I’ve been reading quite a bit lately, but with a new job and tons of other things; writing reviews hasn’t kept up. Here are a couple of quick reviews of recent reads. More later.

Game Change

John Heilemann and Mark Halperin

A great inside look at all aspects of the 2008 US Presidential election. It covers both the Democratic and Republican nominations as well as the general election. The book is fast paced and perfectly embodies the theme of truth being stranger than fiction. In parts thriller, and in parts soap-opera, the book contains quite a few surprises for a political outsider or novice.

The biggest surprise is that the major drivers of the successful candidates were seemingly small “mistakes” by others — a chance misstatement here by a spokesman or spouse, the focus of the press on one particular story instead of another. If you believe the book’s causality chain, this book will leave you feeling quite disturbed about the workings of democracy.

Elsewhere, the book speaks of the various dramas that unfolded over the course of the election — Hilary and Obama’s bitter fight with the surprise ending of Hilary becoming SecState, the unexpected selection of Sarah Palin as McCain’s running mate, the McCain campaign’s recovery from a near-death spiral into oblivion, Obama’s embarrassment by his preacher Jeremiah Wright and more. Pretty much like the juicy part of the West Wing, with not much emphasis on policy. That’s one thing the book does not deal with… I do know that there were proper policy debates on issues like health care and so on but they’re rarely discussed and if so, only in a political context. Fair enough, I guess, given that the book is meant to be a thriller.

Your Brain at Work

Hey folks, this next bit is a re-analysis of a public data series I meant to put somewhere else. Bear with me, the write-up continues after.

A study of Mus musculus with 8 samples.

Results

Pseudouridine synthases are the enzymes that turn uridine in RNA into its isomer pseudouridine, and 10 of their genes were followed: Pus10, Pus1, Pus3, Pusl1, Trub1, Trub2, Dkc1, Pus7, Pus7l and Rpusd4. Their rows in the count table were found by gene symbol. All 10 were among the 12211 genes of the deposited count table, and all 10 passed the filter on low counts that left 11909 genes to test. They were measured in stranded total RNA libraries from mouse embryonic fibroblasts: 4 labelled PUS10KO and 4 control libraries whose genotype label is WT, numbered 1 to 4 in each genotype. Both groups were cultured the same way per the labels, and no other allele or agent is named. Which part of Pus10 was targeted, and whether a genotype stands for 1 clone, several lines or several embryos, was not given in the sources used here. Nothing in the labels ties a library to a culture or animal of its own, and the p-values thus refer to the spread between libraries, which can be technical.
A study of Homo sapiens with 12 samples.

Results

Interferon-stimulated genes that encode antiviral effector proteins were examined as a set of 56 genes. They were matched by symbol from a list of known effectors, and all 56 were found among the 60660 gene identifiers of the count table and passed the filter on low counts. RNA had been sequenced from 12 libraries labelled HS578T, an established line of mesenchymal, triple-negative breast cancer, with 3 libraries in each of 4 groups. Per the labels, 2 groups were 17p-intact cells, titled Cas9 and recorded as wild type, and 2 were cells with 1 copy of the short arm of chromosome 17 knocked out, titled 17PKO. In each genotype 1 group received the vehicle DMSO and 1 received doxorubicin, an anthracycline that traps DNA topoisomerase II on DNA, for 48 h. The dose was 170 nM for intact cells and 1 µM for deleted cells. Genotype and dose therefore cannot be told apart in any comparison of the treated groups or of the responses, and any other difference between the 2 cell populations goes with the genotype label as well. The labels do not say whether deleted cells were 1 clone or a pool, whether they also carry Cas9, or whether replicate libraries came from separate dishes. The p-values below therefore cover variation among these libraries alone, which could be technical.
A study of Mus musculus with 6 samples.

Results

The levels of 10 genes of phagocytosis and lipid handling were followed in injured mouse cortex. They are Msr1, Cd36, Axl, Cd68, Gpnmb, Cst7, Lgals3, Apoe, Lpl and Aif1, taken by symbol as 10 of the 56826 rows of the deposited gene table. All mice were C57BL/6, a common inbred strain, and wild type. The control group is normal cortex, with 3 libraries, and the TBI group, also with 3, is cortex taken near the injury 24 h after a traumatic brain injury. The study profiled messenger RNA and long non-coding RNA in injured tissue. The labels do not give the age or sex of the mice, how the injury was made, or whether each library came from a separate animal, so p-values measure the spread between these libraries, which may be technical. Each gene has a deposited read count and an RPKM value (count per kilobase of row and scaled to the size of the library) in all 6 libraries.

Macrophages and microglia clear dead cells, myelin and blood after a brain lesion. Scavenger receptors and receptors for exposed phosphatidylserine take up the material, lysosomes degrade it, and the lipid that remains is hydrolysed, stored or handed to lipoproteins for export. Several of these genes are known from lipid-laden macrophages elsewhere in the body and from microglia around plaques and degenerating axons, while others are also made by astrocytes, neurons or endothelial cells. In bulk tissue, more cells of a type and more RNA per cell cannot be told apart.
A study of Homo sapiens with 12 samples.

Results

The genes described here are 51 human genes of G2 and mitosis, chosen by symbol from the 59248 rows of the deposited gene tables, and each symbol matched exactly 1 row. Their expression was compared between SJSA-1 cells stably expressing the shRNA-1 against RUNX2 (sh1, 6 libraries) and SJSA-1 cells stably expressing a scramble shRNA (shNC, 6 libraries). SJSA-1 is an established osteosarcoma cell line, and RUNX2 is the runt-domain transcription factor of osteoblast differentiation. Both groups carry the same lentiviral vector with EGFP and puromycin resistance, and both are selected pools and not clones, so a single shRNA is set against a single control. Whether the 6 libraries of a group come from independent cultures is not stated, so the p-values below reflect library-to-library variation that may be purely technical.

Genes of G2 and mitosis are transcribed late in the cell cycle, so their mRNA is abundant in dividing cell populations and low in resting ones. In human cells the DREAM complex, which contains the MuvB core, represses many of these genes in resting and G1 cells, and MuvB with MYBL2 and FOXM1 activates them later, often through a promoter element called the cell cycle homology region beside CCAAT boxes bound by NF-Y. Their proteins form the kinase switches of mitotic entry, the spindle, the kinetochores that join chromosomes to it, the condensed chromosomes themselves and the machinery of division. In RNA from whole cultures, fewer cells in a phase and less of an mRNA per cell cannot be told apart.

David Rock

I decided to read this book after watching a wonderful presentation by the author at Google (here’s the video). The book and the author’s work is aimed at improving and optimizing mental performance. The central theme of this book is to explain various kinds of ‘blocks’ to clear thinking, insight and mental productivity to the reader, and to provide strategies for avoiding or getting around them.

I found approach in the book to be unique. At the beginning of every chapter, the author describes a scene from the life of a couple at work and sometimes at home — usually a scene where mistakes by the characters lead to them making poor decisions. The author then explains the issue, presents solid research about his point, and ends the chapter with a ‘take two’ — how the story might have unfolded if the characters had followed the right strategies.

A sample of the issues discussed — external distractions, internal mental competition among tasks that we must perform, interactions with emotions, the nature of mental insights. I could pretty much relate to every single chapter. In any book like this, it’s quite easy to get lost in the nitty-gritties of the research material presented as you go through it; so the author very helpfully provides a clear summary of the points discussed and improvement steps at the end of each chapter. I picked up this book from the library, but this is one that I’ll buy and read again and again.